April 26, 2022
Illustration: Christopher T. Fong/Protocol
Welcome back to our Workplace newsletter. This week, the entire Protocol team has descended upon Washington, D.C, to see each other’s faces and interact in real life again. It’s exhausting, but absolutely worth it. (I’m lying. I have no idea what it’s like to be with all of my co-workers in one place again because I’m writing this ahead of time, because my boss said I could.) Please enjoy this newsletter as much as you’re enjoying Protocol Subscriptions Week, and as much as you enjoy those sitcom flashback-clips episodes that they run when the actors go on vacation.
— Meg Morrone, senior editor (email | twitter)
According to data.ai (formerly App Annie), productivity apps make up only 9% of consumer spending. Entertainment apps make up more than half of consumer spend, and that’s not even counting gaming.
Still, the productivity-obsessed consumers are out there. Protocol talked with several productivity aficionados about how they manage and prioritize their app subscriptions, diving into how much they’re willing to pay for productivity.
Some productivity aficionados prefer subscriptions over one-time purchases or free tools. They know what it’s like to depend on an app and then lose it because the developers couldn’t afford to keep it running without regular payment.
Others would rather have a one-and-done, single-tool productivity scenario. MIT Ph.D. student Fatimagül Husain likes using just one app: She bet her productivity on Notion. The fewer apps, the better. “To just have one to manage your workload and productivity is, frankly, relieving,” Husain said.
How much you spend on productivity is up to you. Klein acknowledged he devotes more resources to productivity than the average person. But for him, it’s a passion; the money is worth it. “It’s like a hobby, you know?” Klein said. “I don’t need all of them, but some people go spend $30 on a Friday night to get a few drinks. I have some subscriptions for productivity tools.”email | twitter)
Companies everywhere are bracing for new privacy legislation and antitrust action, but much of the focus thus far has been on how the biggest tech firms will fare. What about the rest of the sector? How should the thousands of small, medium-sized and enterprise-level tech companies prepare for this new regulatory landscape? Will changing policies bring about a more even playing field, or will growth be stunted for smaller businesses with fewer resources? How should the U.S. avoid one-size-fits-all regulation in such a diverse ecosystem while still checking unfair competition and data abuses? Join Protocol and a panel of experts as we dive into the biggest regulatory priorities of the not-quite-biggest tech companies.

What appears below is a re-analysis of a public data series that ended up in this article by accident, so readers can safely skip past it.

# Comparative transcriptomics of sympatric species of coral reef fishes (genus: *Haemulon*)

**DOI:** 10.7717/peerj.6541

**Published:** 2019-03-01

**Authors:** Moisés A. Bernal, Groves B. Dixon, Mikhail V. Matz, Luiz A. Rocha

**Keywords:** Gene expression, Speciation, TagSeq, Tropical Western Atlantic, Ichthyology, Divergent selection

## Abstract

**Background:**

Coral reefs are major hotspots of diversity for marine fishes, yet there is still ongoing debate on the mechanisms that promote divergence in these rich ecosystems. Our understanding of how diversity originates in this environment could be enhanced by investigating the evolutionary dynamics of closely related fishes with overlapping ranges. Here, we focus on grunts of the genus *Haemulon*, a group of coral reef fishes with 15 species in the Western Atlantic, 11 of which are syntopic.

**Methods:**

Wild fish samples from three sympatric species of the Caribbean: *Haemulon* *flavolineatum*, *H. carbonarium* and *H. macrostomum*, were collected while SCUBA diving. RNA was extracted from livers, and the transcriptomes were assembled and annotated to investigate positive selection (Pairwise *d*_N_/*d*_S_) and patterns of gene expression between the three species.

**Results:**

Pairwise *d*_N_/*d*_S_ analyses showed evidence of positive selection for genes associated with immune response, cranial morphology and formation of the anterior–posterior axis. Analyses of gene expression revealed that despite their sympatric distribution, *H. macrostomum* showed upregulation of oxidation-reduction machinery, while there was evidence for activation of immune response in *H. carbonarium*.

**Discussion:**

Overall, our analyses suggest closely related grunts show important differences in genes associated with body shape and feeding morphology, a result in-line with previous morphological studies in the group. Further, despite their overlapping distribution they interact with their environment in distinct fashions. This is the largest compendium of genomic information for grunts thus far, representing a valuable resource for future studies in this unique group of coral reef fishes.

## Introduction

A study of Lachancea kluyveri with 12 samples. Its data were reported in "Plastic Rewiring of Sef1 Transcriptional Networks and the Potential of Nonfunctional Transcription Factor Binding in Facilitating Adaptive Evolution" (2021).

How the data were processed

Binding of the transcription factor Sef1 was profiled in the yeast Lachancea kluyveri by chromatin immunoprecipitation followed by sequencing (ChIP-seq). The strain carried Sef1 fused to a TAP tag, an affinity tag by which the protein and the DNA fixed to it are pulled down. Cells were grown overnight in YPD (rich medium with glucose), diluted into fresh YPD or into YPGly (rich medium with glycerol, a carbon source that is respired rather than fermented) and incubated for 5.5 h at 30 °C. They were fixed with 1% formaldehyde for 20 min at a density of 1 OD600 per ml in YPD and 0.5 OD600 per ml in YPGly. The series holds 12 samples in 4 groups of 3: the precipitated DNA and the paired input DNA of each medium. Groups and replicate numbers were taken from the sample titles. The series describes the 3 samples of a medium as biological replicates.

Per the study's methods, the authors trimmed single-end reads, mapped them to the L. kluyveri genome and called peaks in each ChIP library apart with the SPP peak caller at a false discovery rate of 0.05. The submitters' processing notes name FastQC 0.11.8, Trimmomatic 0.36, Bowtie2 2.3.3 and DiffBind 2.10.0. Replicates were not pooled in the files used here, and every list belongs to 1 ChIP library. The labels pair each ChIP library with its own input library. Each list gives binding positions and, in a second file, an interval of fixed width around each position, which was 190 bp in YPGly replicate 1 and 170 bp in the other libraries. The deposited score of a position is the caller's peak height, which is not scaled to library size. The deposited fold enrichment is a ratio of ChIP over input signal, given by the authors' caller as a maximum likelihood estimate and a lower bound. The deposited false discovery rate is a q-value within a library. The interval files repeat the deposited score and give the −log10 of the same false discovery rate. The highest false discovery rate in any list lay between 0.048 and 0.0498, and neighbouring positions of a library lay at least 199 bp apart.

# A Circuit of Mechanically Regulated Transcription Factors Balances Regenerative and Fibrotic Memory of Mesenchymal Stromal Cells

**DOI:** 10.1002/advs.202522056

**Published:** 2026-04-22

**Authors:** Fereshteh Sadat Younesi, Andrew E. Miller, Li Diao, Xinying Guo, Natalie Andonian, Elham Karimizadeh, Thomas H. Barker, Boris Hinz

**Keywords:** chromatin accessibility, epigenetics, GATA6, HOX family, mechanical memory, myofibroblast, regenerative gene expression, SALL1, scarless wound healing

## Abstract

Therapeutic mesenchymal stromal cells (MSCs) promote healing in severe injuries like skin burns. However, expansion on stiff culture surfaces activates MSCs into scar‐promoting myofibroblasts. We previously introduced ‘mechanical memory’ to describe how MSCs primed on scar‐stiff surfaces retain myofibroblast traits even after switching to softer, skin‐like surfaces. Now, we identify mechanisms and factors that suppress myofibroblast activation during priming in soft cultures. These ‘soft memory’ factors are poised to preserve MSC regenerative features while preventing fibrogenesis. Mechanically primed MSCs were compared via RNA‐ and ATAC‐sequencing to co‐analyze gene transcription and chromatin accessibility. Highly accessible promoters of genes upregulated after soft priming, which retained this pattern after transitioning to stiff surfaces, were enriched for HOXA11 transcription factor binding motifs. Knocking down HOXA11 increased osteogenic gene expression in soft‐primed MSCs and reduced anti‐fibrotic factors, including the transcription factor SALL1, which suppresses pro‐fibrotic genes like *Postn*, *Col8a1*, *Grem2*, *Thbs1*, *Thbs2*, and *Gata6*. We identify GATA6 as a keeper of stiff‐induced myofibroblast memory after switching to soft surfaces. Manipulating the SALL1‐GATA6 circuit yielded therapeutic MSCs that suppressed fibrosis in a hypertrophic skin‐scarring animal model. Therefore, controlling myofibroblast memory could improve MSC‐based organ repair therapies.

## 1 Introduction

The speed at which security has been built up over the last 12 months has been a derivative benefit of what we’ve seen during the pandemic. Privacy, compliance and security are three legs of the same stool. What we’re seeing increasingly is that intersection continuing to happen. RingCentral has invested in all those elements.
Like to listen to music while you work? Language-learning app Preply analyzed a swath of playlists, songs and artists on Spotify to find the most popular music for focusing. Here’s what it found:
Love it or hate it, hybrid seems here to stay. Most tech employers want workers to come back to the office at least part of the time, whereas some employees are happy to work from home forever. McKinsey & Company released results of a survey that revealed that most workers (85%) would prefer a hybrid work model, but traditionally underrepresented groups of employees prefer it the most.
At RingCentral, we’re focused on making hybrid work simpler for organizations so they can best set up, run and manage their business. We’re asking ourselves what's the benefit that we can derive, or that we can enable, that is better than the best-in-class in the industry?
A roundup of workplace news from the farthest corners of the internet.
Netflix employees are anything but chill right now.
Can your boss ask to be “looped in” on your medical care? TL;DR: Nope.
Chattanooga, Tennessee, and other places where tech companies are booming thanks to remote work.
You read about Ekow Sanni-Thomas in our story about corporate TikTok; now read his advice on creating a safe space for BIPOC talent.
One good tweet to bookmark for the next time someone schedules a Friday afternoon meeting.
CEO Minda Harts (author of “Right Within: How to Heal from Racial Trauma in the Workplace”) has a good vibes playlist for you.
Speaking of vibes, soon you’ll be able to set your vibe on Twitter.
Thoughts, questions, tips? Send them to email@example.com. Have a great day, see you Thursday.